Volume 512: debated on Monday 21 June 2010

6. What his policy is on the use of programme motions to regulate proceedings on legislation; and if he will make a statement. (3027)

The Government intend to provide adequate time for consideration of Bills on Report, when the most serious problems occurred in the last Parliament.

The Minister and I regularly used to vote against the previous Government’s routine use of programme motions in the last Parliament. What will be different about this Government, so that we do not have the situation where people in opposition complain about programme motions, but in government routinely use them?

The hon. Gentleman remembers well what happened in the last Parliament, when very often huge parts of Bills were not considered by the House, which was a disgrace. What will be different is that there will be fewer Bills, better drafted Bills and an end to the automatic guillotine of the Report stage. However, that depends on all parts of the House having a grown-up attitude to how we consider business. [Interruption.] I hear the grown-up attitude evinced by Opposition Members.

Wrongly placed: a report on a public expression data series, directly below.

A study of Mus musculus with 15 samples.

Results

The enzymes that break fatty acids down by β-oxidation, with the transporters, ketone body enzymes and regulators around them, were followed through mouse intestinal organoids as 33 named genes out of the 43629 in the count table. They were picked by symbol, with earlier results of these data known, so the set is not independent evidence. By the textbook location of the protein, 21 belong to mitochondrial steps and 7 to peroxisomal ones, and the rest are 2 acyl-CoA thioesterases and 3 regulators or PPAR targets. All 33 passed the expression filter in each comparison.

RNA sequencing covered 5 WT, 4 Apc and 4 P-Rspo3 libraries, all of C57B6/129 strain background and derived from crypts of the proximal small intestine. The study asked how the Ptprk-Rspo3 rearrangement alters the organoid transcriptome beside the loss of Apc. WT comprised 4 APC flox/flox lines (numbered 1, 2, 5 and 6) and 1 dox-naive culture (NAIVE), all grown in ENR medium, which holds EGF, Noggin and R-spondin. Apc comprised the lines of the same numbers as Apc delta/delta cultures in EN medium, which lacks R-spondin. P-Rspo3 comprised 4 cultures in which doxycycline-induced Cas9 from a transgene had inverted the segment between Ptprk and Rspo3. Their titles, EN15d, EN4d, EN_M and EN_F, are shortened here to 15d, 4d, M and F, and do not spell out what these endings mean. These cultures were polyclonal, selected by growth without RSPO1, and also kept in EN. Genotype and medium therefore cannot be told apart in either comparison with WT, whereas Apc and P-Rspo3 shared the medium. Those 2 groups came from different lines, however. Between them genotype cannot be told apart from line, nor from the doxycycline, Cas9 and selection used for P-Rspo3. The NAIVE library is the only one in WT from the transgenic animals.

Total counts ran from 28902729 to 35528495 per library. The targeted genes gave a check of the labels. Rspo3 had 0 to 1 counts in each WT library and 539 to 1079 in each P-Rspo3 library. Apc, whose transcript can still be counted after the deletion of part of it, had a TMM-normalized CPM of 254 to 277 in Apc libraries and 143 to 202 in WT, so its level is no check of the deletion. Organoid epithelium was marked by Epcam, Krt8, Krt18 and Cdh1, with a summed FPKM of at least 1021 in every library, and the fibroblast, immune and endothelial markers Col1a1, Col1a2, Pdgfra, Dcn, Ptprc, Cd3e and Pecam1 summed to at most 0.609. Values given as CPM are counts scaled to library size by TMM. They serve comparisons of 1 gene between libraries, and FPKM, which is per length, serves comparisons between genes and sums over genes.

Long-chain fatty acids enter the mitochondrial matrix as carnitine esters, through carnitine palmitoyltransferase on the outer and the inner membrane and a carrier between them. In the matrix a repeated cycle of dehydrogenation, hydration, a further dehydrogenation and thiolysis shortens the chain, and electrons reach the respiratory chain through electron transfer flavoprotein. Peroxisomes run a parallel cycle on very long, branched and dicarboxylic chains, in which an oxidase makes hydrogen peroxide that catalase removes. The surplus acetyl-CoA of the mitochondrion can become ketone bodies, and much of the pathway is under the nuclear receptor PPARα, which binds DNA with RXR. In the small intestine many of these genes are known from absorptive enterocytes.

Is not the answer to remove timetabling, or at least relax it, so that it no longer strangles debate in the House? For years now, Bills have gone through with very little debate on key parts. The answer is to go back to a time before the Jopling proposals, when we had full and free debate, and when the House could sit as late as was necessary.

This is the first opportunity that I have had to welcome the hon. Gentleman back to the House. I am very pleased to see him here.

Yes, we want to ensure that the bits of Bills that need longer scrutiny receive that scrutiny, and that we have a sensible dialogue with all Members of the House—the establishment of the Backbench Business Committee will help us in non-legislative areas—to ensure that the House has its say on matters about which it is concerned, and that we do not waste time on areas where no one has a genuine interest. That is what I mean when I talk about a grown-up way of looking at the business of the House. Let us hope we get it.